By Christine Williams

19040188 – 3d rendered illustration of a thyroid cancer

We’ve all heard that phrase, “I’m sure she just has a thyroid problem.” The thyroid, a butterflyshaped gland in the lower neck, might be best known for how it can plague a person’s metabolism, sometimes resulting in weight gain. But when left untreated, hormonal imbalances in the thyroid can also cause devastating effects to the cardiovascular system, reproductive system and other major organs. Curious about just what else the thyroid is responsible for, Austin Woman reached out to Dr. Simone Scumpia of Austin Thyroid and Endocrinology to gain some insight.

Austin Woman: What are the hormones in the thyroid gland, and what do they control in a woman’s body?
Simone Scumpia: Thyroxine [or T4]and triiodothyronine [or T3]. They control metabolism and smooth out every action of every cell in the body in both men and women.

AW: What is the most significant, short- or long-term effect of thyroid hormonal imbalance?
SS: There is no short- or long-term effect. It depends on the rapidity of the onset of the imbalance. However, low [levels of hormones in the]thyroid slow metabolism and slow down all cell activities. High [levels of hormones in the]thyroid speed up the metabolism and speed all body activities.

AW: How do these hormonal imbalances affect women, as opposed to men?
SS: Thyroid hormones have the same effects at the cell level in men and women. The only difference is that the response of the reproductive system is different. In women, it might give irregular menses and infertility, and in men, lack of libido and sometimes, infertility.

AW: How do the hormonal imbalances affect women at different ages?
SS: The only difference is that in the very young and the very old, the symptoms may be masked and not really apparent. There is no real difference, per se, by age.

AW: Could too much of one nutrient cause a hormonal imbalance?
SS: The only nutrient which should be avoided at all times is iodine—for example: kelp, seaweed and any preparation with iodine—since it blocks the thyroid hormone release and then, after two to four weeks through an escape phenomenon, it accelerates the production of the hormone to dangerous levels. [These supplements] should be avoided at all ages and particularly during pregnancy and old age. If, however, you are on yet another fad diet, iodine levels should be checked and supplementation should be done under the care of a medical doctor. Iodized salt is fine.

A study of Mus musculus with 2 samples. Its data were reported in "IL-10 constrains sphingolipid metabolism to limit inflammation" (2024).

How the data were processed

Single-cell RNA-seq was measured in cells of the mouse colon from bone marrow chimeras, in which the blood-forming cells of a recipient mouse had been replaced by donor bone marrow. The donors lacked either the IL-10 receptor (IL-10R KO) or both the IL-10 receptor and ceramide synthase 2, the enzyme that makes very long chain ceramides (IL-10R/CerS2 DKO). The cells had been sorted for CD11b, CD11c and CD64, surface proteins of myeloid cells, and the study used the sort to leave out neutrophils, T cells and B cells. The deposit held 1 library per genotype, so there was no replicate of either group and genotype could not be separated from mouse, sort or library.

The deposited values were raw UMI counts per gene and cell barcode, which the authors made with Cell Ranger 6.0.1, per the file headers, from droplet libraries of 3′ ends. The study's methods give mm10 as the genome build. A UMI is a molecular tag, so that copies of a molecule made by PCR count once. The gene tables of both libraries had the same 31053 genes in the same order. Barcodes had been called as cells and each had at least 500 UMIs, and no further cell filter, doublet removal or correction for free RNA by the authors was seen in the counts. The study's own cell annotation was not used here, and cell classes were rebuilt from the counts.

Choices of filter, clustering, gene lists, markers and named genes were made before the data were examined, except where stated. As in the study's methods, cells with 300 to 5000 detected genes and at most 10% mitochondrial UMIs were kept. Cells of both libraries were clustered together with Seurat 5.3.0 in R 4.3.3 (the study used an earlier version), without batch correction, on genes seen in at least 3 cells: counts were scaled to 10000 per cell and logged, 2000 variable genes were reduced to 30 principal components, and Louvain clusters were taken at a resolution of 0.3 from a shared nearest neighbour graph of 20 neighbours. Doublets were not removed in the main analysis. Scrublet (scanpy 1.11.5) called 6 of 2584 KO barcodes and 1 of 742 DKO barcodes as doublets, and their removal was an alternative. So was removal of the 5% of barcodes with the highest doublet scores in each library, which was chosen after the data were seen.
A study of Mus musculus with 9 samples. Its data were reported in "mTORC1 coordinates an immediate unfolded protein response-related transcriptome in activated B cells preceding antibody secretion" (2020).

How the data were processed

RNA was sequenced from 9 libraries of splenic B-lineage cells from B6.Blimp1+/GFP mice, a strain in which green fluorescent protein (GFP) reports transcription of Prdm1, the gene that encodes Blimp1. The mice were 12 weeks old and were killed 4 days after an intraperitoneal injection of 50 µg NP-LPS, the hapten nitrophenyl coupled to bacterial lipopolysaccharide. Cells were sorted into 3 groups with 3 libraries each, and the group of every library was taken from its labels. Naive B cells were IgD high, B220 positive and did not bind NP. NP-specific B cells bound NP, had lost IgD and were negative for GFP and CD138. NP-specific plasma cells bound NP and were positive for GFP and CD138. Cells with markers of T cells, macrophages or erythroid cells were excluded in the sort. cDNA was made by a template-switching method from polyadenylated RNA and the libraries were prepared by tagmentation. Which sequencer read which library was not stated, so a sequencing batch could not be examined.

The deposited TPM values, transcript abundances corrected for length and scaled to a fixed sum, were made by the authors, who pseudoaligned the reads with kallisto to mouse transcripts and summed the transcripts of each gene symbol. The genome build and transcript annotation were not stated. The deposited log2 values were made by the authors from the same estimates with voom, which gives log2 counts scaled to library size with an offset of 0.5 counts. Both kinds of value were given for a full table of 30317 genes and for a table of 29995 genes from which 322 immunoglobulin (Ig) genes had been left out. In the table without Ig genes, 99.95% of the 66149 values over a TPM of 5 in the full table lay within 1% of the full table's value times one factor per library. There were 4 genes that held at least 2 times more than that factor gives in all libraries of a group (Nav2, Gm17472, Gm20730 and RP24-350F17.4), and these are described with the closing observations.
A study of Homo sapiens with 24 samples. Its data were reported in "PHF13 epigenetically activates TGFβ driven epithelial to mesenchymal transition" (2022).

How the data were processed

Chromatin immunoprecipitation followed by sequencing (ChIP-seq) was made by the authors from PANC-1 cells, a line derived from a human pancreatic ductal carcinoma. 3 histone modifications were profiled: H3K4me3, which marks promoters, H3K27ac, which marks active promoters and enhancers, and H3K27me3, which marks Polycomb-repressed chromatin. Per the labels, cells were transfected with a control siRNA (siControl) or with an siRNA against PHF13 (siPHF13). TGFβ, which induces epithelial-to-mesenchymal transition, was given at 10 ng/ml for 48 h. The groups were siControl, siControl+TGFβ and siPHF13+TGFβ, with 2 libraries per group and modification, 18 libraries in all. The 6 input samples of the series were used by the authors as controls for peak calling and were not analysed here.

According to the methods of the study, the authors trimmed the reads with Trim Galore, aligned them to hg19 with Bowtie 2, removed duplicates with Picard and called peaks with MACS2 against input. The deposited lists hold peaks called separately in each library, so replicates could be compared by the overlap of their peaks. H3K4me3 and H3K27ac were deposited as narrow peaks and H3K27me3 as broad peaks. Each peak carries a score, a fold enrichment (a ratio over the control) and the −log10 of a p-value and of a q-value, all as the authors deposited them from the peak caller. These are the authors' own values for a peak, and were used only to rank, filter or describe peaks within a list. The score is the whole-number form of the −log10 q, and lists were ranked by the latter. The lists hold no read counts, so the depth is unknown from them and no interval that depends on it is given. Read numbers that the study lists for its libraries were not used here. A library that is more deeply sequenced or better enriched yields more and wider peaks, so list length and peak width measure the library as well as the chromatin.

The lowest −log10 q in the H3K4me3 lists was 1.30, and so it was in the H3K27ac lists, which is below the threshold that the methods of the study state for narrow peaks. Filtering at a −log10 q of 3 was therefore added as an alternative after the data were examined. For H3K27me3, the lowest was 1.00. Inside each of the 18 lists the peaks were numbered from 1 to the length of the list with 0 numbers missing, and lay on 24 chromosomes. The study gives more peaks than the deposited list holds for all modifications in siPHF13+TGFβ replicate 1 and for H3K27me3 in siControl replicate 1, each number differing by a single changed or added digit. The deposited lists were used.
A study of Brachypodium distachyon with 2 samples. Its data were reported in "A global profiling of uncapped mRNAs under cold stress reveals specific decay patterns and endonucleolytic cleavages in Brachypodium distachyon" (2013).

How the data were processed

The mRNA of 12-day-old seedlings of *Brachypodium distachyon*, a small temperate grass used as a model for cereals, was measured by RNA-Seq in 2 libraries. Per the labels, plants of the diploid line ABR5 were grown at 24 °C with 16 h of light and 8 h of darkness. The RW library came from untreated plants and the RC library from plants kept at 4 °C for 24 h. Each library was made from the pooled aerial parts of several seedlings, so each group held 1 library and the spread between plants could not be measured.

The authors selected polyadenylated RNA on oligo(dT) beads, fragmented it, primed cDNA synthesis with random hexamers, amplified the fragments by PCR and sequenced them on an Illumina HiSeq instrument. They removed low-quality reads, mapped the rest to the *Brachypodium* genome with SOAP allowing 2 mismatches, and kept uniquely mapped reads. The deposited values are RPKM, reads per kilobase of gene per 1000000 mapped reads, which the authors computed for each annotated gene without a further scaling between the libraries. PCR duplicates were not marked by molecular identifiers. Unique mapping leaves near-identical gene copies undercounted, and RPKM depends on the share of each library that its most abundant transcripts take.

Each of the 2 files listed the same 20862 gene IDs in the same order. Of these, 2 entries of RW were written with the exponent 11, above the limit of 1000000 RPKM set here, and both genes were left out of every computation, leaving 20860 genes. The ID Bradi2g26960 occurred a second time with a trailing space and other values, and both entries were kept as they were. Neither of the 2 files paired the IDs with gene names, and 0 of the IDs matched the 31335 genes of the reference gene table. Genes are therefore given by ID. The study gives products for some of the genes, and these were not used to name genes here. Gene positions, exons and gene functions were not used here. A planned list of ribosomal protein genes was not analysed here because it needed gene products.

HYPOTHYROIDISM VERSUS HYPERTHYROIDISM

In a nutshell, hypothyroidism is when the thyroid underproduces hormones, and hyperthyroidism is when it overproduces them. Hypothyroidism is the most common type of thyroid disorder and affects an estimated 15 million Americans, particularly women and the elderly. Hyperthyroidism is less common, affecting an estimated 1 to 2 million Americans, and is more prevalent among women in their 30s and 40s.

SYMPTOMS

Hypothyroidism: Fatigue, irregular menstrual periods, impotence, high cholesterol, hoarse voice, mood swings, difficulty swallowing, forgetfulness, intolerance to cold and dry, coarse skin and hair.

Hyperthyroidism: Irritability, atrial fibrillation, congestive heart failure, osteoporosis, nervousness, sleep disturbance, muscle weakness, tremors, enlarged thyroid (goiter), irregular menstrual periods, heat intolerance, weight loss, vision problems and eye irritation,

TREATMENT

Hypothyroidism: To replace the missing hormones, the preferred treatment involves supplementing the body’s naturally producing hormones with a synthetic hormone tablet, levothyroxine sodium, which is generally taken for life.

Hyperthyroidism: Treatment methods include anti-thyroid drug therapy, which blocks thyroid hormone production; radioactive iodine treatment, in which the overactive thyroid is disabled and reduced in size; and thyroid surgery to remove part or all of the gland, a method that is usually used to treat very young patients with Graves’ disease and older patients with diseased thyroid glands. Austin Thyroid and Endocrinology is the only endocrine office in Austin that administers radioactive iodine onsite.